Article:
Dodgers president of baseball operations Andrew Friedman was recognized by his peers as the MLB Executive of the Year for 2020, but it wasn’t because his team won its first World Series in 32 years.
All 30 teams have one vote for the Executive of the Year award, which was established by Major League Baseball in 2018. That vote, like most major awards in the sport, was concluded before the postseason began.
MLB did not provide voting totals, but noted that Rick Hahn of the White Sox finished second in Executive of the Year voting, with 2019 winner Erik Neander of the Rays taking third place in 2020. MLB further said that each MLB team had one vote, but did not specify who did the voting for each team.
The Sporting News Executive of the Year, determined from a poll of major league executives, went to Hahn, who received six of 18 votes. Friedman in that award garnered three votes, tying for third place. Sounds like those other 12 votes helped turn the MLB award blue.
Friedman’s credentials even before October were impressive. The Dodgers had the best record in baseball (43-17), the best run differential (+136) by almost a full run per game than the next-best team, the most runs scored (5.82), most home runs (118), best ERA (3.02) and ERA+ (141).
The big splash in 2020 of course was Friedman acquiring Mookie Betts from the Red Sox, which was likely enough to win Executive of the Year all by itself. The Dodgers reaped the benefits of that trade on the field during the season and into the postseason, and now come the off-field rewards.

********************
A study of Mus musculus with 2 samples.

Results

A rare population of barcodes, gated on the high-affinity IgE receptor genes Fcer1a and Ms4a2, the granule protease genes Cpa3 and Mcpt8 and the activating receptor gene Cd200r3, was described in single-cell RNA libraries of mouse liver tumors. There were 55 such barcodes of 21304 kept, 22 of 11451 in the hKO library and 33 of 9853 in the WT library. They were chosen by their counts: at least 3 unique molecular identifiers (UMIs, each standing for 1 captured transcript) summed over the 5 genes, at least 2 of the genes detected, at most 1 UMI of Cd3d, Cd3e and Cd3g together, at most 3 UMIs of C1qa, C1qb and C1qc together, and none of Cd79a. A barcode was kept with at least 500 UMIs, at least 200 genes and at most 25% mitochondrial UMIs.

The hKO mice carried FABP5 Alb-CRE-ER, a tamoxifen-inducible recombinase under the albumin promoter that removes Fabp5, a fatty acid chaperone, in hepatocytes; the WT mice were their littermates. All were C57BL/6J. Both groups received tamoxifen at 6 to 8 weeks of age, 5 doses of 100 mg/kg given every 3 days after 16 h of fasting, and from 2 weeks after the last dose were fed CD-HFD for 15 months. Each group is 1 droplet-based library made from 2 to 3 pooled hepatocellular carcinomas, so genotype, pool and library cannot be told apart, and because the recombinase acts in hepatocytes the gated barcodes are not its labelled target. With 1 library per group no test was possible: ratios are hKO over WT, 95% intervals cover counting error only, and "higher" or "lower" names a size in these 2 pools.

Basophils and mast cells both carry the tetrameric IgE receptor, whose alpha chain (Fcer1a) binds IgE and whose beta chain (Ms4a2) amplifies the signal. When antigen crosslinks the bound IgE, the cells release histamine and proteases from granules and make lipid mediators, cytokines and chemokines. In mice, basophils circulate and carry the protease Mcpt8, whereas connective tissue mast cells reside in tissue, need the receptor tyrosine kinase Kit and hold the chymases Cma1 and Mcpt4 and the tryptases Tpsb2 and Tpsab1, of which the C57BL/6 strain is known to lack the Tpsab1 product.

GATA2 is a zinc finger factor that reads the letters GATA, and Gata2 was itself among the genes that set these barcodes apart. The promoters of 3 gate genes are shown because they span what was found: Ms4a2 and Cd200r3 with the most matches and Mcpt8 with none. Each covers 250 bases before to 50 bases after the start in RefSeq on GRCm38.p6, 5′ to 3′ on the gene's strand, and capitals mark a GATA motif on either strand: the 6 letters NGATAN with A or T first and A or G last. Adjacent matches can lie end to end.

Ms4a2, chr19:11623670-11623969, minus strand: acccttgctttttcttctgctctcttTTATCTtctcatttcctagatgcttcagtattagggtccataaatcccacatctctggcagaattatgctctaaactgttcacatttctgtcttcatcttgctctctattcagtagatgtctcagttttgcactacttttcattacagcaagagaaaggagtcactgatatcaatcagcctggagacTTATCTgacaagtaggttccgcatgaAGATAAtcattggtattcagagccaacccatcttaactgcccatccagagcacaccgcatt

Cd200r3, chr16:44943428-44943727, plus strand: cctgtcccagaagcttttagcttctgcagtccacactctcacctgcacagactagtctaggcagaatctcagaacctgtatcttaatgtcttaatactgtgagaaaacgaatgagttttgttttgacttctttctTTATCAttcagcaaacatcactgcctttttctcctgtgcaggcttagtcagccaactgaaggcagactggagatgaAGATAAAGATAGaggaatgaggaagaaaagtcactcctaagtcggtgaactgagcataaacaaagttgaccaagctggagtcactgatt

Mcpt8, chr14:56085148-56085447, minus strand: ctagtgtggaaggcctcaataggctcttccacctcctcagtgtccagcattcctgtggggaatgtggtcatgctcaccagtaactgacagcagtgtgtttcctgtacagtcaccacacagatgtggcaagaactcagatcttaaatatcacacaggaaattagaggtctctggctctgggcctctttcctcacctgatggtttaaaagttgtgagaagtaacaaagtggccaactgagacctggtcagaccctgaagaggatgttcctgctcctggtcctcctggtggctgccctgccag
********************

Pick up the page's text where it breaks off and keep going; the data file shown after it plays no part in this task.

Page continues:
“We’ve gotten close in years past and I just couldn’t be more proud of everyone that we work with, everyone who’s in this together,” Friedman said after the Game 6 clincher in the World Series. “It would have been easy to just kind of throw our hands up, and each adversity that we faced, I think brought us closer together. We kind of huddled up and kept trying to figure out ways to get better and to improve, and for it to culminate in this is so incredibly special.”
While Friedman won the award for this season, an executive’s work in team building is a multi-year affair. So credit the Dodgers for building enough pitching depth over Friedman’s tenure to withstand the losses of Hyun-jin Ryu (to free agency) and Kenta Maeda (via trade), who finished second and third, respectively in American League Cy Young voting this year, and being without Rich Hill, who signed with the Twins, and David Price, who opted out of the season due to health concerns during the pandemic.
Fifty-five of the Dodgers’ 60 regular season games, and all 18 postseason games, were started by pitchers who to that point spent their entire career with the organization. That includes Ross Stripling, who was traded to Toronto at the August 31 deadline to make room, or “create a runway” as Friedman has mentioned in the past, for Tony Gonsolin.
So while this award is single-season by definition, it’s a recognition of a multi-year effort by Friedman with the Dodgers. His tenure has included six division titles in six years, three pennants, 528 wins, and a .606 winning percentage, all unmatched by any other MLB team. And now Friedman has an Executive of the Year award to go along with his World Series trophy.